Instead of the "no trespassing" signs we are all used to, landowners can now mark trees or posts with purple paint.

MONROE COUNTY, Pa. — Hunters, keep an eye out for purple paint on trees or posts. If you ignore it, you will be considered a trespasser.

Deer archery season opens statewide this Saturday, and the State Game Commission is reminding hunters about a new law.

"At the beginning of 2020, this law, the "Purple Paint Law," as it's commonly called, was enacted, and it allows landowners to use purple paint as a means of posting their property against trespassers," said Bill Williams, Game Commission Information Coordinator.

This law gives landowners the option of using purple paint, rather than posted signs, to post their properties and alert others that lands are private, and trespassing isn't permitted. 

Newswatch 16 found this roped-off section of private land near Mount Pocono with purple strings.

"Purple is a kind of unusual color to see on a tree. It's an easier way for landowners to post property, and it's less time consuming for one thing. A lot of times, these posters are nailed into trees which don't do good to the trees anyway," said Williams.

If you do choose to paint a purple line instead of using signs, there are a few things you should know. Number one, the purple line must be painted vertically. It needs to be at least eight inches long and one inch wide. It also needs to be at least three feet above the ground so hunters can see it.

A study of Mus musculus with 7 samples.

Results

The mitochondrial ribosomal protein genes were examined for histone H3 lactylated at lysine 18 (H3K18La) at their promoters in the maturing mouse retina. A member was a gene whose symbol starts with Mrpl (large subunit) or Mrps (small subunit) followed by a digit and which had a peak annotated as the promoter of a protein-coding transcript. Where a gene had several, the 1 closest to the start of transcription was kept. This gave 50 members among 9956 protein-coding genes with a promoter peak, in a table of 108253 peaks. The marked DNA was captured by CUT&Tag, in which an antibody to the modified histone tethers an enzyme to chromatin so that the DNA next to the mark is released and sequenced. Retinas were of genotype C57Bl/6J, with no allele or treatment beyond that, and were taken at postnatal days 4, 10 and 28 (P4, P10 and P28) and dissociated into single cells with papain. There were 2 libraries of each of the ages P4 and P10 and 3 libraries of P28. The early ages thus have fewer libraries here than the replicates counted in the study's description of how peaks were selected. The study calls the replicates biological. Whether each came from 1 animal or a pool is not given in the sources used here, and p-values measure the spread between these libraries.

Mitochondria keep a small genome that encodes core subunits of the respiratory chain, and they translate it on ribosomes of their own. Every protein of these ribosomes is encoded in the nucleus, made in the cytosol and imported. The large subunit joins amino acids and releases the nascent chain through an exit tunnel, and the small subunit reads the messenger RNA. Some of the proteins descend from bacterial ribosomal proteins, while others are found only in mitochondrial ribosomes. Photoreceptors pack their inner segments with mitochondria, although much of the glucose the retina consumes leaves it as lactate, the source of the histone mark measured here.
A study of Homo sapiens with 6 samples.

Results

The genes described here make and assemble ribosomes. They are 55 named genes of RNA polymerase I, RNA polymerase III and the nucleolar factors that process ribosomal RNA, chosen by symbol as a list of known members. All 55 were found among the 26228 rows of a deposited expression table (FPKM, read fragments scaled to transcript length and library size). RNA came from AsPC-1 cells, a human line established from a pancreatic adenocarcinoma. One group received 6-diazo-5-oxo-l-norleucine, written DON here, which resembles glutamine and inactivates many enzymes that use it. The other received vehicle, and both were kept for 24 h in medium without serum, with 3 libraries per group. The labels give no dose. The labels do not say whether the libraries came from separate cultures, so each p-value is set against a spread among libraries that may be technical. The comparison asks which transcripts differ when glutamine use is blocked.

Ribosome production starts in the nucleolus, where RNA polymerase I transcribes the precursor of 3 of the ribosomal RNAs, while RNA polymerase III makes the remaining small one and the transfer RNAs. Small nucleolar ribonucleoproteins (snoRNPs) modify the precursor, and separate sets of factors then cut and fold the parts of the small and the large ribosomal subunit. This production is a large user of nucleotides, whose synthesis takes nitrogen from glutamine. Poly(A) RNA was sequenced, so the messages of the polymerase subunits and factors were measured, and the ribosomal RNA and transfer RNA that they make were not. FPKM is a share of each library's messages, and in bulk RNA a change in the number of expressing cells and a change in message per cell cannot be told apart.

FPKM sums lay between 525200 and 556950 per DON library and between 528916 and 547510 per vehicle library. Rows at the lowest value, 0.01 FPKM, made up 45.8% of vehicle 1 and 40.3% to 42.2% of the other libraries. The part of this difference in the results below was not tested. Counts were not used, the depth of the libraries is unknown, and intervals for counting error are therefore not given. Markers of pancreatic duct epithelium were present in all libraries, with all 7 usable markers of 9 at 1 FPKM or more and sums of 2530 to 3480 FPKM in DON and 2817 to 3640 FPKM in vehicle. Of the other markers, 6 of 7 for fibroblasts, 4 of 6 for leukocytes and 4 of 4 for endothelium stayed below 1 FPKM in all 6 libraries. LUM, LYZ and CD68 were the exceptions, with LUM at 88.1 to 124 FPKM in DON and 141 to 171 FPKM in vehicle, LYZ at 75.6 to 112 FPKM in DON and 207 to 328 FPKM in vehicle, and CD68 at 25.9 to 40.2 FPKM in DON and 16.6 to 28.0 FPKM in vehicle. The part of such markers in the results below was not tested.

Newswatch 16 spoke to a few hunters near Stroudsburg to see what they think about purple lines versus the traditional signs.

"I'd rather see the signs than the purple paint. Anyone can just walk around with a can of purple paint now, and oh, I can hunt here, or I can't hunt here. I like signs. Plus, they have the owner's name on it and everything like that in different areas. I think it's more visible," said Dave Nicholls, Bushkill.

"I mean, I usually just go on state gameland or private property of my friends. I stay in one spot, that's pretty much it. I am not trying to look for any paint," said David Winters, Reeders.

The "Purple Paint Law" applies across the state except in Philadelphia and Allegheny counties.